Stillman & Birn Alpha Series Multi-media Art Journal
Stillman & Birn produces multi-media art journals in five different series–the Alpha, Beta, Gamma, Delta & Epsilon series. Each comes in a plethora of sizes. Used for this review is an Alpha Series Heavy Weight Sketchbook Hardbound 8.5 x 11 inches (21.6 x 27.9 cm).
Look and Feel
The cover is the signature textured black binder board cover with the Stillman & Birn logo and the series name embossed on the lower back cover. To begin with the binding is stiff (both sewn and glued), but if you slowly bend the sketchbook back as far as it will go, the binding loosens and the pages will lie flat. You’ll need to do this in several places.
Although the paper is thick (though only about half as thick as the Beta and Delta series paper0, it is very flexible. The wrapper states that it is ‘suitable for all dry media and will accept light washes.’ It has a smooth surface, but there is some grain to it.
The book isn’t light, but neither is it overly heavy for its size. I wouldn’t carry it as an everyday book (though I would for the smaller sizes), but I’d take it for special trips despite the weight. Partly because it is sturdy enough for jostling it would take, and partly because the results I could get would be worth the extra weight.
Fabric tipped Art pens
I used both Micron Pigmas and American Craft Precision Pens, point sizes .01 and .05. The linework from both pens is exquisite–sharp, clear and crisp with no feathering or bleedthrough whatsoever.
It takes very little pressure to work up dark areas, but it’s also possible to get lovely texture and wispy lines . Fantastic for building up layers of tonal values.
Alcohol Marker/Water–Soluble Marker/Stamp Pad Ink
This is the front of a bleedthrumanade (Got Lemons, make lemonade. Got Marker Bleedthru, make bleedthrumanade). I laid down the color with Spectrum Noir alcohol markers, then stamped the rooster with Tsukineko Brilliance stamp pad ink (Tiramisu 3-color ink). The linework was done with a Tim Holtz Distress Marker (Weathered Wood). The Rooster Stamp is item 18891 from Viva Las Vegastamps!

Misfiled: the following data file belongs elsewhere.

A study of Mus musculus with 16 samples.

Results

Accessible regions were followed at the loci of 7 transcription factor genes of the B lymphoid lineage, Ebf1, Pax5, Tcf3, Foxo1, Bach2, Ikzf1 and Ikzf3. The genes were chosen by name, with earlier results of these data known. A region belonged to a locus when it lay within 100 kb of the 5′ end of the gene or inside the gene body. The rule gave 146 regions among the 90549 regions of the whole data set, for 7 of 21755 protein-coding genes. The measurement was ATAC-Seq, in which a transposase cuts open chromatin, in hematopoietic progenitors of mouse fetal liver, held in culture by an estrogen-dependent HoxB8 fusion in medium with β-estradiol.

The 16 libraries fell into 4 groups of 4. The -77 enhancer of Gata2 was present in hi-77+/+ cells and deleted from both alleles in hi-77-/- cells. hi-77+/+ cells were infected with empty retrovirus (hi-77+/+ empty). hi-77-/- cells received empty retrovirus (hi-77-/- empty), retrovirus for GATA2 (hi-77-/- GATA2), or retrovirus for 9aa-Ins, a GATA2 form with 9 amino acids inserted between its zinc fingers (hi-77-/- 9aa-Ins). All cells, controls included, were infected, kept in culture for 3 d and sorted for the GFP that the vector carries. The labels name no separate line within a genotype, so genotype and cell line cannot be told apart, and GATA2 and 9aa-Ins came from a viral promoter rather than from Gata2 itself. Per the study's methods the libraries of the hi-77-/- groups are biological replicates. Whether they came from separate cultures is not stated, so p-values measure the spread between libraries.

Color Bleedthrough from the alcohol markers is about 10-20%. I have a project in mind for the back of the page and didn’t have all the ingredients, so you’ll it finished at another time.
Walnut Ink Wash/Embossing Powder
I started this by stamping an image (Tree Writing Collage Item 18914 from Viva Las Vegastamps!) with a Versamark clear inkpad, and heat embossing it with Ranger Snow white embossing powder. I was going for texture, not the image and didn’t worry if the image was clear or not.
The paper took the heat with no buckling or dimpling. I then took a solution of Walnut Ink (water + Walnut ink crystals) and saturated the page. The embossed section resisted the ink and remained white. The paper dimpled somewhat but there was no buckling or curving.
Then I stamped the same image with Ranger Archival Blank ink, partially overlapping the embossed image.
I used an American Craft Precision pen and a Pentel White gel pen for the pattern linework.
No matter how you slice it–Stillman & Birn make a quality sketchbook. The book I used for this review is one of the larger sizes, so weight is a definite factor in deciding how you’ll use the book. The smaller sizes would be more portable. That said–it’s sure nice having all that space. I hadn’t realized how much I’d grown used to keeping my work tight so I could fit everything, or doing two page spreads just so I’d have more space.
The paper in the Alpha is good weight. While not as thick as the paper in the Beta and Delta series, it is more flexible and you get a great number of pages. And even though it is thinner, the paper holds up to cutting, gluing and added embellishment as I’ll show in my review of the Gamma Series sketchbook on Friday. It has the same paper as the Alpha (except that it is ivory), and I’ll show you how color pencil, watercolor and iris folding do.